Too-Good-to-Be-True Tax Myths
First in a series of columns
"The income tax created more criminals than any other single act of government."
-- Barry Goldwater
Every year at this time, I write a series of tax-related columns. The goal is to provide guidance for homeowners preparing to file income tax returns.
Normally, millions of Americans try to file well before the April 15 deadline. Either they want an early refund or they want to get the burden off their back as soon as possible.
However, Congress in late December complicated things by enacting a "patch" affecting the alternative minimum tax. According to the Internal Revenue Service, "as many as 13.5 million taxpayers using five forms related to the Alternative Minimum Tax . . . legislation will have to wait to file tax returns until the IRS completes the reprogramming of its systems for the new law."
The five forms, which the IRS says will not be available until Feb. 11, are for education credits (Form 8863); residential energy credits (5695); child and dependent care expenses (Schedule 2, Form 1040A); mortgage interest credit (8396), and the D.C. first-time-home-buyer credit (8859).
Despite the delay, you're still going to have to pay taxes, assuming you have sufficient income.
The IRS recently issued an interesting report, "The Truth About Frivolous Tax Arguments." Here is a summary of what that 67-page report has to say about some of the arguments made by people who claim they don't have to pay income tax -- and the IRS's responses.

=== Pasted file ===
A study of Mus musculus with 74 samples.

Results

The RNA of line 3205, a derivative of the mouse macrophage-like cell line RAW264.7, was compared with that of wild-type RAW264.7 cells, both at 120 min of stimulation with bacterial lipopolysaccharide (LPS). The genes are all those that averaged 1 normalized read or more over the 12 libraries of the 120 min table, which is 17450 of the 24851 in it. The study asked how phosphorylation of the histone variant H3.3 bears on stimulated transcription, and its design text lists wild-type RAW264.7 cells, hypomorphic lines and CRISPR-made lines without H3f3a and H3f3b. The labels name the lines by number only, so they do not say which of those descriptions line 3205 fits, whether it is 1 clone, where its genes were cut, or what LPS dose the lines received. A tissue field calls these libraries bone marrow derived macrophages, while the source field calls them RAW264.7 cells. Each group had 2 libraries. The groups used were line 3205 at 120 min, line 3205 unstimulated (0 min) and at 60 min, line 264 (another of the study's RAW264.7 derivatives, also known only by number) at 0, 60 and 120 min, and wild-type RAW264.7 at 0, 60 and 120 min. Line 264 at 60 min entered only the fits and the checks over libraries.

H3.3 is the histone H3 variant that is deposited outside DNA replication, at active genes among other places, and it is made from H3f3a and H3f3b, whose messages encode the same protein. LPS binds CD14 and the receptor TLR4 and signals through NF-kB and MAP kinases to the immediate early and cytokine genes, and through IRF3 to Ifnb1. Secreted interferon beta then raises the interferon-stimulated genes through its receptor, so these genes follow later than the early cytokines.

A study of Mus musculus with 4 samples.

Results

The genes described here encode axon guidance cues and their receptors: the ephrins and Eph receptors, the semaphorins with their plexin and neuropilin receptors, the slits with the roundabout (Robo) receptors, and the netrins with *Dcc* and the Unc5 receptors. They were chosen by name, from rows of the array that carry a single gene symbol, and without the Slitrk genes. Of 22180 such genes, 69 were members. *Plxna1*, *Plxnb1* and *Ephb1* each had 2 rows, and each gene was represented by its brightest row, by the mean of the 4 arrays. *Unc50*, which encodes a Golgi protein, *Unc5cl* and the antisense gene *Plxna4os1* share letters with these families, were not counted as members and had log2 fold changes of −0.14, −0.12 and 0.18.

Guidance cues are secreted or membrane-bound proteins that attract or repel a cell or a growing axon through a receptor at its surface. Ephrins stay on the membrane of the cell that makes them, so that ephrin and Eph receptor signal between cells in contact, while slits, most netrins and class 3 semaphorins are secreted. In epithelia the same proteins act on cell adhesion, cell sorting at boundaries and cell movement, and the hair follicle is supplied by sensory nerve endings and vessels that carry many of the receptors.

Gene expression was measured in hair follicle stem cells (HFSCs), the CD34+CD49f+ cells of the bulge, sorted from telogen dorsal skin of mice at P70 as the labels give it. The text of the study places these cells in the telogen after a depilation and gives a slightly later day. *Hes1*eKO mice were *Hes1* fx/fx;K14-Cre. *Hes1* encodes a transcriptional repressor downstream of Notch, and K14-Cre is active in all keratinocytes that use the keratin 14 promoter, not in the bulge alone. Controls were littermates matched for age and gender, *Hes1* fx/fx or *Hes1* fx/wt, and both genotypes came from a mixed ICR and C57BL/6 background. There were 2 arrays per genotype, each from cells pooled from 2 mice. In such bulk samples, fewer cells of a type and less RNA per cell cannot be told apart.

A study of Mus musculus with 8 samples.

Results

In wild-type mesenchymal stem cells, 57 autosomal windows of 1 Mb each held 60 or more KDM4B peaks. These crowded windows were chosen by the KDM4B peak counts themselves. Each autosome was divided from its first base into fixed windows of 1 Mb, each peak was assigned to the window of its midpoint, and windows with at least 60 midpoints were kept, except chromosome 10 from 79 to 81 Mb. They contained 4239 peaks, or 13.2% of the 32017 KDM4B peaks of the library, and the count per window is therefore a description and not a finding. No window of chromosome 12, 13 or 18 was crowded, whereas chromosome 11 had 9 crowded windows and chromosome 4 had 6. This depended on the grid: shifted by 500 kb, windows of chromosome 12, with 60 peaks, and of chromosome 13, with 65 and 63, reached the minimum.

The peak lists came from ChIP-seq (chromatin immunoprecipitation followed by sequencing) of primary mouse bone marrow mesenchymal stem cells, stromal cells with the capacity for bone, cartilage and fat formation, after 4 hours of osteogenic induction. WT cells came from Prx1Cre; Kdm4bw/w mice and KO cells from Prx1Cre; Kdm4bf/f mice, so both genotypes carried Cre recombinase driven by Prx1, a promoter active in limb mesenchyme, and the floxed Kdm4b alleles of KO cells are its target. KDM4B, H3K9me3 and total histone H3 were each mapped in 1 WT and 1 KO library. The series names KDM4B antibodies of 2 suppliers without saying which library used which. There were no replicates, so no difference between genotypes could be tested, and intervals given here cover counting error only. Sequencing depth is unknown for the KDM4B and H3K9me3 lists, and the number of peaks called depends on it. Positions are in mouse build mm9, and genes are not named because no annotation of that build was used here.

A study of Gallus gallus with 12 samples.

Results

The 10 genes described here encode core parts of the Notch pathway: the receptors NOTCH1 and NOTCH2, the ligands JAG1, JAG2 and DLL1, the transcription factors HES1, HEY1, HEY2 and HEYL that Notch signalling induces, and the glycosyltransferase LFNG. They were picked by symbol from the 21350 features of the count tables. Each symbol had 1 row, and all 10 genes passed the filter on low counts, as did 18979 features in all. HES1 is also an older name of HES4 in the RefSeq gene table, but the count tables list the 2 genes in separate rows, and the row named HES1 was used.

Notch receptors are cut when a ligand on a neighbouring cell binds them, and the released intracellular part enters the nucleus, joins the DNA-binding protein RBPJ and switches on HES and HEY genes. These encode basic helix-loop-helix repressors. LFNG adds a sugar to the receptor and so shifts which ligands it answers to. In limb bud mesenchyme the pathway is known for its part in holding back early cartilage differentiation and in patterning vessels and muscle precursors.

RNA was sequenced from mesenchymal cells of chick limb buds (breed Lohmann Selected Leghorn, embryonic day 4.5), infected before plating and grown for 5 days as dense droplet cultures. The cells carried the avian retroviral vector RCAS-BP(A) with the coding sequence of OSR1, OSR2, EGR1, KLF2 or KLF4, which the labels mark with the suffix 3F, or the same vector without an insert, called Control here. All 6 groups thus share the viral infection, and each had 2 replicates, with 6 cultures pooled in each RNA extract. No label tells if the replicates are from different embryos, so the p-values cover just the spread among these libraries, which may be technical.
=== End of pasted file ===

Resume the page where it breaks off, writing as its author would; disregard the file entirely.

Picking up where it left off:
- "The filing of a tax return is voluntary." This argument stems from the IRS Form 1040 instruction book, which states that the tax system is voluntary. Proponents also cite a 1960 Supreme Court case ( Flora v. U.S.) in which the high court wrote, "Our system of taxation is based upon voluntary assessment and payment, not upon distraint."
But the word "voluntary" does not mean that income earners do not have to pay tax. Rather, it means that taxpayers are initially allowed to voluntarily determine the amount of tax they owe without having the government make that determination.
Perhaps the IRS should drop the use of the word "voluntary" because that definition is a bit of a stretch. However, in 2005, Royal LaMarr Hardy was sentenced to a 156-month prison term for selling a tax-evasion scheme called the "reliance defense" that claimed that the income tax was voluntary. The IRS report lists several more cases involving the "voluntary" argument.